HARARE - When referee Kurt Weaver blew his whistle to end the Rugby Afrique 1A Championship match between Zimbabwe and Tunisia, there was a huge sigh of relief across Prince Edward School.
The Sables had played poorly when they had been expected to steam roll past the North Africans to secure a 19-8 win.
Zimbabwe had to weather the storm of sustained pressure from the Tunisians on their way to a second win in the competition.
Cyprian Mandenge’s side struggled for possession and territory as they were put on the back foot by the North Africans, who have now lost all their three matches in this group.
The Sables only crossed the whitewash once after replacement lock Fortune Chipendo finished off a nice tea move halfway through the first half.
Before that, flyhalf Tichafara Makwanya had converted two penalties while the visitors had replied with their own penalty from Chams eddin Khlifa.
From there on, Zimbabwe failed to impose their game plan as there was no clean ball for the fast backs to utilise.
The second half was more insipid from the Sables as they had to rely on some resolute defending to hold back the Tunisians.
“Tough encounter; Tunisia played well, they played to their strengths and kept their structure,” Mandenge told reporters after the match.
“We didn’t play well. We only played our game plan in the first two minutes or so, but there is no ugly win. I thought it was an open game but only two tries were scored the entire match.”
Up next for Zimbabwe is a date against Namibia on August 15.
Owing to limited resources, Mandenge could again be forced to have another “crush programme” for a training camp ahead of the clash against the Welwitschias.
But unlike Zimbabwe’s previous encounters with Kenya and Tunisia in which they were nowhere near their best but still managed to crawl over the finish line, Namibia are no pushovers.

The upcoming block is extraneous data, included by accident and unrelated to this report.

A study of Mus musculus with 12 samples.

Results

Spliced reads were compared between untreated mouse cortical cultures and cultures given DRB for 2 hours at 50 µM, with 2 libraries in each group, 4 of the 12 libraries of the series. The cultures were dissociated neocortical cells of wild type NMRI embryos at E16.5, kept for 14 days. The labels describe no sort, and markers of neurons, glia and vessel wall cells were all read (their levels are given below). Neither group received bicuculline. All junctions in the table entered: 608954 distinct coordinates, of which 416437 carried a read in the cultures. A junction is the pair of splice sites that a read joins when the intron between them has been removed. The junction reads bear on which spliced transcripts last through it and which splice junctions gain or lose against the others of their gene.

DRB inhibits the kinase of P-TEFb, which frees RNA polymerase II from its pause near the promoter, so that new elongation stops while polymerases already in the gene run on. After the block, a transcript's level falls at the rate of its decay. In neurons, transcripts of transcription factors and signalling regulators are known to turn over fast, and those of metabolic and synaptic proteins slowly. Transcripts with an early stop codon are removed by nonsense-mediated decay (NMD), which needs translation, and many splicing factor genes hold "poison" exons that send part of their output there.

The Rugby World Cup-bound Welwistchias have a 50-man squad currently in camp in preparation for rugby’s biggest showpiece where they have been drawn in Group C along New Zealand, Argentina, Georgia and Tonga.
Namibia, ranked second in Africa, have had international in November last year against Canada (17-13) in Colwyn and 29-20 to Portugal in Lisbon.
They play Russia in Windhoek in two test matches on July 11 and 18.
They are also using the Africa Cup as part of an extensive campaign that their rugby union has rolled out to ensure the Welwitschias is adequately prepared for the Rugby World Cup.
On the other side, Zimbabwe coach does not have such luxury, neither is he likely to have his best troops for the Namibian tie.
Mandenge has made it clear that despite the prevailing situation he will not go out of his way to persuade players with Zimbabwe connections to answer the call of national assignments.
“You see you need to play with the guys who want to play for the country,” he said.
“If there are people putting their hands up for selection those are the ones who will call up. If they are people putting their hands up for the country we will consider them. But we will not go out of our way to get people to come play for Zimbabwe.”